Considering that the very first mitzvah (commandment) in the Torah is “to be fruitful and multiply,” it should come as no surprise that nurturing a family is considered of utmost importance in the Jewish tradition. Creating a Jewish family has been thought of not only as a matter of personal desire but also as an act that will have lasting impact on the greater community. As a minority culture in the world at large, the creation of Jewish families concerns emotional and spiritual issues of legacy and continuity. As far back as the archetypal stories of the Hebrew Bible, choosing the right marriage partner is given great significance. Today, having children and instilling Jewish values in them is seen as a counterbalance to the shrinking Jewish populace, and some Jews believe they have a responsibility to create Jewish children in part to make up for the vast number of Jews lost during the Holocaust.
Challenges to the Jewish Family
The contemporary Jewish community confronts the many social issues that are shifting the look and definition of “Jewish family.” An increasing number of Jewish families today do not conform to the traditional image of the “nuclear” family that has two parents–a man and a woman married to and living with each other–with 2.5 children. Jewish families today come in many different configurations, from single-parent families, to blended families, to families headed by a gay or lesbian couple.
Jewish marriages are no more immune from divorce than any other group in North America, in which one of every two marriages dissolves. Divorce impacts the Jewish family, though, in specific ways, as parents need to come to some consensus on how observant to raise their children and whether to send them to Jewish schools. In particular, holiday celebrations–where the emphasis is on family and home–present increased stress for divorced families, creating fewer opportunities for children to get to know extended families on both sides.
Adoption in Jewish Families
Adoption is also on the rise in Jewish communities, for several reasons:
· Couples are waiting longer than in the past to get married and have children, increasing fertility problems.
· Many women, having spent years focusing on education and career, experience difficulty finding Jewish partners when they feel ready to marry. This is partly due to the fact that a higher percentage of Jewish men than Jewish women marry a non-Jewish partner. Some will choose to adopt children as single parents.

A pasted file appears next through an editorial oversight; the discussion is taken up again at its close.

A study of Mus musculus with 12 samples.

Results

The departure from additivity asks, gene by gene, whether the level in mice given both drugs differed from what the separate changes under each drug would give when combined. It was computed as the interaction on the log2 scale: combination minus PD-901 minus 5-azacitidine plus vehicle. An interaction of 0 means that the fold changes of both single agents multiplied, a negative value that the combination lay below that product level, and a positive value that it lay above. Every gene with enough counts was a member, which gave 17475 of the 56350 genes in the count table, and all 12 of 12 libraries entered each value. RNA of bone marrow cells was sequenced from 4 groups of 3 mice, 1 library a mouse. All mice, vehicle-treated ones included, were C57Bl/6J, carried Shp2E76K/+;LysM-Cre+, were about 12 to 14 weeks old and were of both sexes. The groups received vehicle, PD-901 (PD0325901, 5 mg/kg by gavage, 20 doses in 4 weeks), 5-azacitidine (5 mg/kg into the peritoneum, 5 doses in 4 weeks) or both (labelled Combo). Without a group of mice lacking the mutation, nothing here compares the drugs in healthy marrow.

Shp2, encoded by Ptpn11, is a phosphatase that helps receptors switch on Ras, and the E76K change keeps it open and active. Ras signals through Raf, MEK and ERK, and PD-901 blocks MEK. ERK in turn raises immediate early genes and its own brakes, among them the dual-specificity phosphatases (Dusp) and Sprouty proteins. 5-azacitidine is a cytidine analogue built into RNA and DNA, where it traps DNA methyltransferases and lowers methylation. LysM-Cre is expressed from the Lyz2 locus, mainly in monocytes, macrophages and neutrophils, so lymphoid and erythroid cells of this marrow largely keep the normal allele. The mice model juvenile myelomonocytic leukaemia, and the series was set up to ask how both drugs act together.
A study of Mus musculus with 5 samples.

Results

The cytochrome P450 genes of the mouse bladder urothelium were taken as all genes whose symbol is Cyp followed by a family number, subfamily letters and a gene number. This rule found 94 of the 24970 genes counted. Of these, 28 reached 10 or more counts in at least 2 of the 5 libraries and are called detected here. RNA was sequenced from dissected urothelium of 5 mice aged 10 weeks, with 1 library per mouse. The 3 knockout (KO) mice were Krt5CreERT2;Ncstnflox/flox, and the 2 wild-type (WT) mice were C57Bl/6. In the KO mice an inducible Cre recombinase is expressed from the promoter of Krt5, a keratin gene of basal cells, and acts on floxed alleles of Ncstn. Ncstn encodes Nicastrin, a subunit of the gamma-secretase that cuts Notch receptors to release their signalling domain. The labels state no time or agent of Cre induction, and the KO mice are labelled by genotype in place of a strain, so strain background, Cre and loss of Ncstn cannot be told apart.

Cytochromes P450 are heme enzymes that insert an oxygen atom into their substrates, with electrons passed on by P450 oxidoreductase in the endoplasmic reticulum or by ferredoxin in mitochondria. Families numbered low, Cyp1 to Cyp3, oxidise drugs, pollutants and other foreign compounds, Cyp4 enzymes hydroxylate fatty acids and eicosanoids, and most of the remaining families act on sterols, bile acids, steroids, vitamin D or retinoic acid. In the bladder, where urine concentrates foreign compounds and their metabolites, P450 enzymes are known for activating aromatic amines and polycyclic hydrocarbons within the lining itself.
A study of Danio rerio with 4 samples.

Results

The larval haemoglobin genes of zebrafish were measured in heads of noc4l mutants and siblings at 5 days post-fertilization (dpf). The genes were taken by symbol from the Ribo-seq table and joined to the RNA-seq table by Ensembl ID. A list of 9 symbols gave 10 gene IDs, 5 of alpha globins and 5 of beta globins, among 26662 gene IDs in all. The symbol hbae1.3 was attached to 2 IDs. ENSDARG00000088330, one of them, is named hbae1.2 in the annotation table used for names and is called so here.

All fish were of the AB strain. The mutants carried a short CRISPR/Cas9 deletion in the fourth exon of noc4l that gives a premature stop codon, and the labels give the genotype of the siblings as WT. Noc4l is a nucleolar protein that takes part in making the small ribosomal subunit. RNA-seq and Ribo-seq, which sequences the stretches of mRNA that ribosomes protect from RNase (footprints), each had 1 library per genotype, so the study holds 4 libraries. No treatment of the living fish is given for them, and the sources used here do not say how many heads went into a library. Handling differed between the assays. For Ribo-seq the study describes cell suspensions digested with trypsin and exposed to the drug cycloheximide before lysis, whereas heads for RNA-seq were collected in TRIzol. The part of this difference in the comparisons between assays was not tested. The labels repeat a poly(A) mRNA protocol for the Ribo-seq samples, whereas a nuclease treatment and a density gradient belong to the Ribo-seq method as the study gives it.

· Gay and lesbian couples are finding Jewish communities to be increasingly accepting of them, and they are adopting children and raising them within the Jewish community.
Many adopted children come from racial minorities in America or from other countries, such as China or South America, creating an increased number of multicultural and multiracial families. Parents then face the challenge of instilling in their children a Jewish identity as well as pride in their native culture; with the American Jewish community overwhelmingly white, children of color also face all the issues of being different and facing potential taunting or discrimination from classmates or synagogue peers. Several new organizations dedicated to the needs of Jewish multicultural families have recently formed.
Interfaith families are also a growing part of the portrait of Jewish families, and they are faced with myriad choices: one religion for the whole family or two? Jewish communities are likewise faced with choices about how accepting to be toward interfaith families: Is it better to embrace interfaith families in hopes the children will become and remain active in the Jewish community? Or should the opposition that many Jews feel toward intermarriage lead them to a less-than-welcoming stance toward interfaith families?
With so much emphasis on families, unmarried Jewish adults have often felt sidelined in Jewish communal life. As more Jewish adults choose the single life style–or remain unmarried by default–it remains to be seen whether they will become integrated into a synagogue life that so often focuses on the education of children and families, or whether they will create new communities on their own.
The ever-changing contemporary Jewish family challenges our notions and stereotypes of a “model” family unit. Many Jews who may have felt excluded from the tribal family in years past still hope to find their place within the Jewish community. Yet as the Jewish community grows in its awareness that Jewish families come in varied configurations and dynamics, so too may its institutions grow to be open to the diversity of Jewish families today.